81% of white self-professed Evangelical Christians voted for Donald Trump, which has confounded many who see in Trump’s self-professed sexual assault, multiple divorces and hateful rhetoric values that are anything but Christian. On the website Religion and Politics, historian Kristin Du Mez has a post, Donald Trump and Militant Evangelical Masculinity, that seeks to explain how so many Christians came to see in Trump their potential deliverer. She offers an interesting historical review of the process where over several generations, evangelicals began to frame Jesus and Christianity as hyper-masculine, thus contributing to the rise of Trump.
“The truth is, many evangelicals long ago replaced the suffering servant of Christ with an image that more closely resembles Donald Trump than many would care to admit. They’ve traded a faith that privileges humility and elevates the least of these for one that derides gentleness as the province of wusses. Having replaced the Jesus of the gospels with an idol of machismo, it’s no wonder many have come to think of Trump himself as the nation’s savior.
Indeed, white evangelical support for Trump can be seen as the culmination of a decades-long embrace of militant masculinity, a masculinity that has enshrined patriarchal authority, condoned a callous display of power at home and abroad, and functioned as a linchpin in the political and social worldviews of conservative white evangelicals. In the end, many evangelicals did not vote for Trump despite their beliefs, but because of them.”
She notes that many Christians began to conflate their faith and American patriotism in facing the existential fear of Soviet communism, and feeling that a robust response was needed to protect both the nation and the faith.
“Evangelicals staunchly opposed communism, and their reasons for doing so were many: communists were anti-American, anti-God, and they threatened God-given rights and the integrity of the family. A strong military was necessary to ward off the communist peril, and strong men were essential to a strong military.”
But the war in Vietnam created a conflict, because as it degenerated into a confused quagmire and domestic opposition increased, evangelicals felt that their faith was threatened by the various social justice movements of the 1960’s and they began to see upholding traditional gender roles as a Christian imperative;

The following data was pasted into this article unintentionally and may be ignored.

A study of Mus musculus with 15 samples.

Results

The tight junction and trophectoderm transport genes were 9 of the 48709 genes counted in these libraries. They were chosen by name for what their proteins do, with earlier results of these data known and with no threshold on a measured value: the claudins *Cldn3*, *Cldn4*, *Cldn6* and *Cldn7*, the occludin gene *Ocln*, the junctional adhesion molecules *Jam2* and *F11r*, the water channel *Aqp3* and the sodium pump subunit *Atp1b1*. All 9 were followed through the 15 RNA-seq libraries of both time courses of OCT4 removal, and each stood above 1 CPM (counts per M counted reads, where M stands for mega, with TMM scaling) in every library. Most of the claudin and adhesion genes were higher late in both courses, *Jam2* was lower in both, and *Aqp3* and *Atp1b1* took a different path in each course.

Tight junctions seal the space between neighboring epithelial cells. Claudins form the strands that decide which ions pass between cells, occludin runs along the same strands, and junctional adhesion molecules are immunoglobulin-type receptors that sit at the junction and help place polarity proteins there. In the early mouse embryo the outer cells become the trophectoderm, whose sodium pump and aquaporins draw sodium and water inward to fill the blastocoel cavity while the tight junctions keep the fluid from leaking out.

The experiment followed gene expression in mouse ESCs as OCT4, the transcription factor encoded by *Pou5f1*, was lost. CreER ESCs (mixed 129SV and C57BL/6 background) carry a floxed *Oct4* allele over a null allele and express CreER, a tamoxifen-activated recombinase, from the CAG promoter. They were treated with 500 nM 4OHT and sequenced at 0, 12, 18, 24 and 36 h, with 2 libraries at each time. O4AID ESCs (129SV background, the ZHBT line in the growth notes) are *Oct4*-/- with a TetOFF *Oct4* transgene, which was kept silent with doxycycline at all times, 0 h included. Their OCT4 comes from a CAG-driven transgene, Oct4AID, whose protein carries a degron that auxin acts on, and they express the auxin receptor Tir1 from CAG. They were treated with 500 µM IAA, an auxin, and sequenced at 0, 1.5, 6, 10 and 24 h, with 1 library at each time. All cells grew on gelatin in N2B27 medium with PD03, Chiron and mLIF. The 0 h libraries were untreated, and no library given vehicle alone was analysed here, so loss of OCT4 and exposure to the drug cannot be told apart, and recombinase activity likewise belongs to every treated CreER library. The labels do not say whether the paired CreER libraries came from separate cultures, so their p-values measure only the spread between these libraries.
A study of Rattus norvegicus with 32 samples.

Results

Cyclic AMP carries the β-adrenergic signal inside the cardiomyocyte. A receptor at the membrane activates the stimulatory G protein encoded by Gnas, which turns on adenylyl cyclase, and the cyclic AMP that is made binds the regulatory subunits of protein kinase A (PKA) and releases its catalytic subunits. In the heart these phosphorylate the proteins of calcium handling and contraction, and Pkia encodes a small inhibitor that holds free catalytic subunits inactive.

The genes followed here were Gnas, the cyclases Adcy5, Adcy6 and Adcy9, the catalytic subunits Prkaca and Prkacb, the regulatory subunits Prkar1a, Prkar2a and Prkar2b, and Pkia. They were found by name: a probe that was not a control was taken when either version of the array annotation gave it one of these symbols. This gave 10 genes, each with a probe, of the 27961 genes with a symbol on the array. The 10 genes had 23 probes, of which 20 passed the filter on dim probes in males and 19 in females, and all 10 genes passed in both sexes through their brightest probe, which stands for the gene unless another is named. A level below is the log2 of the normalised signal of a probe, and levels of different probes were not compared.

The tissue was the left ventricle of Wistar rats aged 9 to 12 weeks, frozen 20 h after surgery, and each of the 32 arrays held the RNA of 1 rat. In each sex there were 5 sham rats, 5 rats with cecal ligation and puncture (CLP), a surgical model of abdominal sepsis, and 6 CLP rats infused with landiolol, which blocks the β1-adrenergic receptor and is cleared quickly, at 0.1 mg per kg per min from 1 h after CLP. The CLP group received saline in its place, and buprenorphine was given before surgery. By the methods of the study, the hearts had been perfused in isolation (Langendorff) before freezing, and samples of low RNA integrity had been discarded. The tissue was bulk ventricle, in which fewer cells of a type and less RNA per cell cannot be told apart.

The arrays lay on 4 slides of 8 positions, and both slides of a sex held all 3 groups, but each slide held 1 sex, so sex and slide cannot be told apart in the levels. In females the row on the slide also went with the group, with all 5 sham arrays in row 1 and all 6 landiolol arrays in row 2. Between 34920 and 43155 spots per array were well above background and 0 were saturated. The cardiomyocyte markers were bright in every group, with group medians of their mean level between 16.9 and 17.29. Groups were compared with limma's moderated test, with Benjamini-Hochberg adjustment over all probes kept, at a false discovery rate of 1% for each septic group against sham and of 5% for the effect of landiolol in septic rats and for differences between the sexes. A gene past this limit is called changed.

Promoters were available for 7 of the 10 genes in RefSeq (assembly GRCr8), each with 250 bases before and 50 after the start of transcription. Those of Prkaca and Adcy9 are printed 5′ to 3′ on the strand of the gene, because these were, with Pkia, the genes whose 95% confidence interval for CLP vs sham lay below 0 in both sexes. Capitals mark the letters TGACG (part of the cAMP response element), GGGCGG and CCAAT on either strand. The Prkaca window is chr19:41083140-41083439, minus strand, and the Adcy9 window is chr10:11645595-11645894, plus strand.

“But the rising generation caused reason for concern. Young men sporting long hair and flowered shirts dodged the draft, shunned authority, and shirked their duty to protect America from the threat of global communism. The Vietnam era would emerge as a pivotal moment in the relationship between American evangelicals and the U.S. military. In the 1940s and 1950s, evangelicals had often looked askance at the military, which they saw as a source of moral corruption for young men. But as Anne Loveland has argued, evangelicals who supported U.S. military action in Vietnam came to hold the military itself in high (and often uncritical) esteem.”
The end of the Cold War might have seemed to undermine the basis of this movement, but the changing economy that lessened the ability of families to get by on a single (male) wage earners salary created anxieties that were then bolstered by the emergence of a widespread fear of terrorism in the wake of the 9/11 attacks.
“The moral certitudes of the “War on Terror”—framed by evangelical president George W. Bush—abruptly replaced the post-Cold War malaise. Once again America needed strong, heroic men to defend the country, at home and abroad.
Evangelicals, many of whom had never strayed from Cold War gender constructions, stood at the ready to address these new conditions. “When those two planes hit the Twin Towers on September 11, what we suddenly needed were masculine men,” Farrar wrote in his 2005 book King Me. “Feminized men don’t walk into burning buildings. But masculine men do. That’s why God created men to be masculine.” In no uncertain terms he repudiated the earlier “Tender Warrior” motif: “The trend today is to major on the ‘tender’ and minor on the ‘warrior,’” but “in the trenches you don’t want tenderness.”
It is not difficult to imagine how evangelicals, steeped in literature claiming that men were created in the image of a warrior God, might be receptive to sentiments like those expressed by the late Jerry Falwell, in his 2004 sermon “God is Pro-War.” In fact, surveys demonstrate that traditionalist evangelicals are more likely than other Americans to approve of U.S. engagement in a preemptive war, support military action against terrorism, and condone the use of torture.”
It is into this stew of hyper-masculinity and sense of existential dread into which walked Donald Trump, with many evangelicals seeing in him, the embodiment of the tough, no-nonsense aggressive leader who could lead the people out of their perceived chaos.
“This brand of militant masculinity also helps explain the lack of outrage on the part of many evangelicals when it comes to Trump’s character issues. Dobson himself, one of Trump’s most influential evangelical supporters, urged fellow Christians “to cut him some slack.”* More tellingly, the Rev. Robert Jeffress, pastor of First Baptist Church in Dallas and stalwart Trump supporter, explained his endorsement of the unconventional candidate in this way: “I want the meanest, toughest, son-of-a-you-know-what I can find in that role, and I think that’s where many evangelicals are.””
It’s important to remember that the hatefulness and bigotry that has followed in the wake of Trumps campaign and election, regardless of Trump’s personal beliefs or intentions, are rooted in our history and that it is this underlying fear and paranoia that the Gospel is meant to confront.